Improvement Insights Blog
You Don’t Need to Know Statistics to Do Statistical Process Control
People think you have to know statistics to do Statistical Process Control (SPC). Not true, here’s why.
“I’m Jay Arthur, author of “Lean Six Sigma For Hospitals” and QI Macros [software].
“I’ve noticed that whenever I say the phrase “Statistical Process Control,” people start to freak out. It’s unnecessary because guess what? You don’t need to know statistics to do Statistical Process Control.
“Shewhart was a statistician, he figured out how to calculate the variances and… how to calculate the upper and lower control limits and what that all means. Then Nelson expanded all of that stuff, so the statisticians did the statistical part. Your software (like QI Macros) will do all those calculations for you, and whether you’re using QI Macros or anything else, we all use the same formula so you don’t have to worry about that. All right?
“So this is the secret sauce. What do you have to know? Well, if you have too much variation, we want to reduce the variation; that’s classic Six Sigma talk, right? So if we have a control chart, what we want to do is reduce the variation. The other thing you can do is you can increase the center line or lower the center line. So if we want to reduce defects, we want the center line to move down. If we want to increase patient satisfaction we want to move [the center line] up, right? Or if we want to make our pistons harder we want them to be more, dense more [resistant] to wear and tear. Does this make sense? So that’s it: reduce variation, move the center line up or down.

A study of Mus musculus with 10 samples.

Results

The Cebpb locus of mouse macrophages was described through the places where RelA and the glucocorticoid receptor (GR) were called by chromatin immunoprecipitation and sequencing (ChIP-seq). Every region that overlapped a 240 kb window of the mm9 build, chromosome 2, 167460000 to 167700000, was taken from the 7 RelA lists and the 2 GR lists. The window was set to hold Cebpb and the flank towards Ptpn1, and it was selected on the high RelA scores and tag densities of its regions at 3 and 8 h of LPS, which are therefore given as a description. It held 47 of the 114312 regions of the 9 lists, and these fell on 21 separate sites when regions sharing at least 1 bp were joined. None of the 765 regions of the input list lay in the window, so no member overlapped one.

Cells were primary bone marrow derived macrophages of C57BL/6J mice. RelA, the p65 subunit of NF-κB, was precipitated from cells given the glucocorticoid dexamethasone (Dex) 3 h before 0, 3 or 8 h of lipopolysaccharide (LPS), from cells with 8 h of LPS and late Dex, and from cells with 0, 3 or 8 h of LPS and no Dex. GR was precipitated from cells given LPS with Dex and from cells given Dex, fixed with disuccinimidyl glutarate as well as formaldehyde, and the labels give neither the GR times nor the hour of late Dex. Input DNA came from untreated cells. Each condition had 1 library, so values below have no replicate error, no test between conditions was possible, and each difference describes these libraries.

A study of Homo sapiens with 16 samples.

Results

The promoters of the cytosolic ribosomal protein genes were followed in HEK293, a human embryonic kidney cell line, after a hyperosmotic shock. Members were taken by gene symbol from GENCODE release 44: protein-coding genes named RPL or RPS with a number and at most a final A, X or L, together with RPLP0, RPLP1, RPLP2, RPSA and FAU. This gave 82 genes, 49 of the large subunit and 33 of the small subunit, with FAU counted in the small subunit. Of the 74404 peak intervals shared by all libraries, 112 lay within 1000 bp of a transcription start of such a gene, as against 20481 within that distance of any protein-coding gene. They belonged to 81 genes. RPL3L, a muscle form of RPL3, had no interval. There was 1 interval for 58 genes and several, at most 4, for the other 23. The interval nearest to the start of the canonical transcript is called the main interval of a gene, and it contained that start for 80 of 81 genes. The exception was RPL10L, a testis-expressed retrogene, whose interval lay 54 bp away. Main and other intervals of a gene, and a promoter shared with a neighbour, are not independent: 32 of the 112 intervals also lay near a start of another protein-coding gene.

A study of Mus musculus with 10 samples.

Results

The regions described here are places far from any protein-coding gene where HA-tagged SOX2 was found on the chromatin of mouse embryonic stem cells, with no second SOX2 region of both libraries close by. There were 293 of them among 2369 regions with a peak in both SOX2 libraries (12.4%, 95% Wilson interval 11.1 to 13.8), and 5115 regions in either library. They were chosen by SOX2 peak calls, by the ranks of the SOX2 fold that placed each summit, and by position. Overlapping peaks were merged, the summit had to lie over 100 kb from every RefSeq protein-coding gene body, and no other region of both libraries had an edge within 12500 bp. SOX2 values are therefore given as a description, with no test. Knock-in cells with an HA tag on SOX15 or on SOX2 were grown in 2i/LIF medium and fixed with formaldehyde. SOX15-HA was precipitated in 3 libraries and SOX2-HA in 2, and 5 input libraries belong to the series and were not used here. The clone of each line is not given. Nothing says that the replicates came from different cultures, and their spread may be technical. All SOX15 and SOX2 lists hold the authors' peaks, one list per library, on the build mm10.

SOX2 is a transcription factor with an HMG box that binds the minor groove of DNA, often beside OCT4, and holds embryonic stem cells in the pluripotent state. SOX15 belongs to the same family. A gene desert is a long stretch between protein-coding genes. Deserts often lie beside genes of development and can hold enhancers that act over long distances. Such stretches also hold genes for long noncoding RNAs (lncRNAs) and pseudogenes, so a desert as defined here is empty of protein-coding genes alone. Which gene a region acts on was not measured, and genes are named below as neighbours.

“You don’t need to know statistics to do Statistical Process Control, you just need software that does it for you, I’m telling you what: you’re not going to do this by hand; it takes too long, costs too much. Isn’t there an app for that? Yes, there is: QI Macros.
“So that’s my Improvement Insight for this week. Let’s create a hassle-free America; hassle-free healthcare. Let’s start using the tools of Quality: control charts to sustain or simplify or optimize whatever it is we need to. Let’s go out and improve something this week.”